Five Stormont ministers are preparing to issue a long-awaited public apology to survivors of historical institutional abuse in Northern Ireland.
It comes five years after a public inquiry into 22 children’s homes found shocking mistreatment between 1922 and 1995.
Margaret McGuckin became the face of the campaign for an inquiry when she went public on the abuse she had suffered.
Nazareth House children’s home in Belfast, where she grew up, is now an apartment block but memories of the place still haunt her.
She said: “It’s still the same red brick and the middle floor, where I was with my sister, well it’s still there in my mind’s eye, I can still see it.”
Margaret was just three years old when her parents separated. She and her three siblings ended up in the so-called care of the Nazareth Sisters.
She recalled: “We didn’t have a name, we didn’t have a birthday, we weren’t a part of this world in their eyes.
“We were the lowest of the low and the spawn of the devil and that’s literally what they told us, that we were going to burn in hell.”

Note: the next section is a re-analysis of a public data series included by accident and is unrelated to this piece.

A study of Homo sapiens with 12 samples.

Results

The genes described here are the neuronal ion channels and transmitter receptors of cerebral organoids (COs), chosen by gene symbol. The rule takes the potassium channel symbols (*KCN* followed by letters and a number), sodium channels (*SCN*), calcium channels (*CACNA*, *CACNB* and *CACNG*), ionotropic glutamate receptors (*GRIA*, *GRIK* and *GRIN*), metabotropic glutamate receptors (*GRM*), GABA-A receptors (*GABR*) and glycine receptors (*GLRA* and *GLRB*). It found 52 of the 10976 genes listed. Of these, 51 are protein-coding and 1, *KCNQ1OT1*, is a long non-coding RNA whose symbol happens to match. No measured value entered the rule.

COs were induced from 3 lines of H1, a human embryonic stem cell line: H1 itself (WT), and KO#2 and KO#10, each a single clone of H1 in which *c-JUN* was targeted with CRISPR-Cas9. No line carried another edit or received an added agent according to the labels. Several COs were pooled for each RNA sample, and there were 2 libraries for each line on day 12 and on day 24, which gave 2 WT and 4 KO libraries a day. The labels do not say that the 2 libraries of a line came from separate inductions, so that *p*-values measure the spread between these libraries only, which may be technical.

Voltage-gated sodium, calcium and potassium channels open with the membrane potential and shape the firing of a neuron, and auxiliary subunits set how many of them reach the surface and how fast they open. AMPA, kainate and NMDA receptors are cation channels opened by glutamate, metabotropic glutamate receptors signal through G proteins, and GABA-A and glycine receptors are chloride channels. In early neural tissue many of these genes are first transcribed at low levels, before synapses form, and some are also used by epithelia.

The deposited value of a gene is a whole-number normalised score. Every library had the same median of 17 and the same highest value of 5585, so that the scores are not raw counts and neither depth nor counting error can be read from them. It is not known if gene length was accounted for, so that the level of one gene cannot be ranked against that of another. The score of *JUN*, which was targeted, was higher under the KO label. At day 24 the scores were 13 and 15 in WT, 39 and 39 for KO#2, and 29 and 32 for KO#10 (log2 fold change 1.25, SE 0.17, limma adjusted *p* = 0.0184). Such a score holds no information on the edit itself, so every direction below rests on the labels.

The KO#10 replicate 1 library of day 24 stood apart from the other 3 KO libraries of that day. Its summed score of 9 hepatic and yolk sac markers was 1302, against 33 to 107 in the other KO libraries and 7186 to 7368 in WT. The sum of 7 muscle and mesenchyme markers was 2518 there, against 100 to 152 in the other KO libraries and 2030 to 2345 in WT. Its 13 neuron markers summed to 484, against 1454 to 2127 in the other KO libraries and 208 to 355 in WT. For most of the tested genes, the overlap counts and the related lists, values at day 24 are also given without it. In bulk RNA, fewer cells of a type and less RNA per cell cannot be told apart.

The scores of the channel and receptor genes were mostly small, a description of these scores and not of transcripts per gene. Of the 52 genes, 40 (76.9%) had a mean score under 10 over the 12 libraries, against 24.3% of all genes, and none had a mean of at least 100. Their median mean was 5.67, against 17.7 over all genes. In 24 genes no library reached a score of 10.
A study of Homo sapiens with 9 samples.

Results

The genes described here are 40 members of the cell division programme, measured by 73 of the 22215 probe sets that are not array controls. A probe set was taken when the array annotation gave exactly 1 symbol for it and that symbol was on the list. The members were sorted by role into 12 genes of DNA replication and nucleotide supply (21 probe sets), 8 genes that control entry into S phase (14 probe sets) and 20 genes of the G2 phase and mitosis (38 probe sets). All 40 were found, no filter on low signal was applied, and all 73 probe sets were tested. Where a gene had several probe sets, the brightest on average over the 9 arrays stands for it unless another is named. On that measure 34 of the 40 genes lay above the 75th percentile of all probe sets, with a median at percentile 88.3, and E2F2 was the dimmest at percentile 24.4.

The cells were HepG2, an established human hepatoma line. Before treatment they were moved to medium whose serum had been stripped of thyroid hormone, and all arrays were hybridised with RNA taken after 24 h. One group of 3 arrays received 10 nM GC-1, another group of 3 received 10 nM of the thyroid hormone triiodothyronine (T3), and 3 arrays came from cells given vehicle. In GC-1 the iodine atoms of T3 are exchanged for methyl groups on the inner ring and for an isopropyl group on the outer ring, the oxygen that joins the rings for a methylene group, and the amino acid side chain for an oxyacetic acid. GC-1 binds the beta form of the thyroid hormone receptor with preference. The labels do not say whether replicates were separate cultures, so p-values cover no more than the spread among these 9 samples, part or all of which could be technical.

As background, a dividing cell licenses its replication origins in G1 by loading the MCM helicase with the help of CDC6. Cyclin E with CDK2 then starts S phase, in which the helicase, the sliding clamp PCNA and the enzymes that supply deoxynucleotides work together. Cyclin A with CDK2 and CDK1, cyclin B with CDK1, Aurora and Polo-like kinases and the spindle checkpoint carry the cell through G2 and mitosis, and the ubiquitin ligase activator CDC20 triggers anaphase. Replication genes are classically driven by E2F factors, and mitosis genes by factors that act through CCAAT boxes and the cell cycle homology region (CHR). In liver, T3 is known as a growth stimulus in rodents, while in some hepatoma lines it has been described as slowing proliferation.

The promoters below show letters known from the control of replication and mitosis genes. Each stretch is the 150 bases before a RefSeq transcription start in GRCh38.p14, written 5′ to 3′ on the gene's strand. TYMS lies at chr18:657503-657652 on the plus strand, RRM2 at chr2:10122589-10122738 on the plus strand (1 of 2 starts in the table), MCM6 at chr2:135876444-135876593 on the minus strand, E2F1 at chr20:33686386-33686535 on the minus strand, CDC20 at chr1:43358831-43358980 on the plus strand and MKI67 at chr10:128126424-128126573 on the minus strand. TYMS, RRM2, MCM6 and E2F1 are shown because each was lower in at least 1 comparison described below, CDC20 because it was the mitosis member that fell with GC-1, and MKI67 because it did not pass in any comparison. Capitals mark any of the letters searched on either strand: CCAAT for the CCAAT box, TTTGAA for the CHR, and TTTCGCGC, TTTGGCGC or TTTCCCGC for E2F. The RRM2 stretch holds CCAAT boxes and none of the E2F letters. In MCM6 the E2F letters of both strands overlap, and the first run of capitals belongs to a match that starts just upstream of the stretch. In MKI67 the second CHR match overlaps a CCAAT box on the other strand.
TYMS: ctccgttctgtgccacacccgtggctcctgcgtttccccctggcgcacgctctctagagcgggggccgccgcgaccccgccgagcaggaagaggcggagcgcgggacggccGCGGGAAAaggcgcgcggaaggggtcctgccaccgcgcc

The Northern Ireland Historical Institutional Abuse Inquiry was the largest of its kind ever undertaken in the United Kingdom.
The late Sir Anthony Hart, a retired judge, recommended compensation, a memorial and a public apology but the collapse of devolved government delayed the process.
The resignation of the first minister in February threatened to thwart the apology again, so five other ministers are stepping in.
Sam McBride, Northern Ireland editor of the Belfast Telegraph, describes it as a symptom of the “unwieldy politics” of Stormont.
He said: “It ought to be a very straightforward issue. It ought to be like giving money to the health service or to schools or to public services which everybody uses.
“There are victims here that are Catholic and Protestant and of all sorts of backgrounds and yet it has taken this inordinate amount of time to get to where we are,” he added.
Margaret says the public apology won’t bring her closure because no one has ever been held accountable for the abuse.
“We were tortured, from little children I can remember, until the day I left. It was a hellhole,” she said.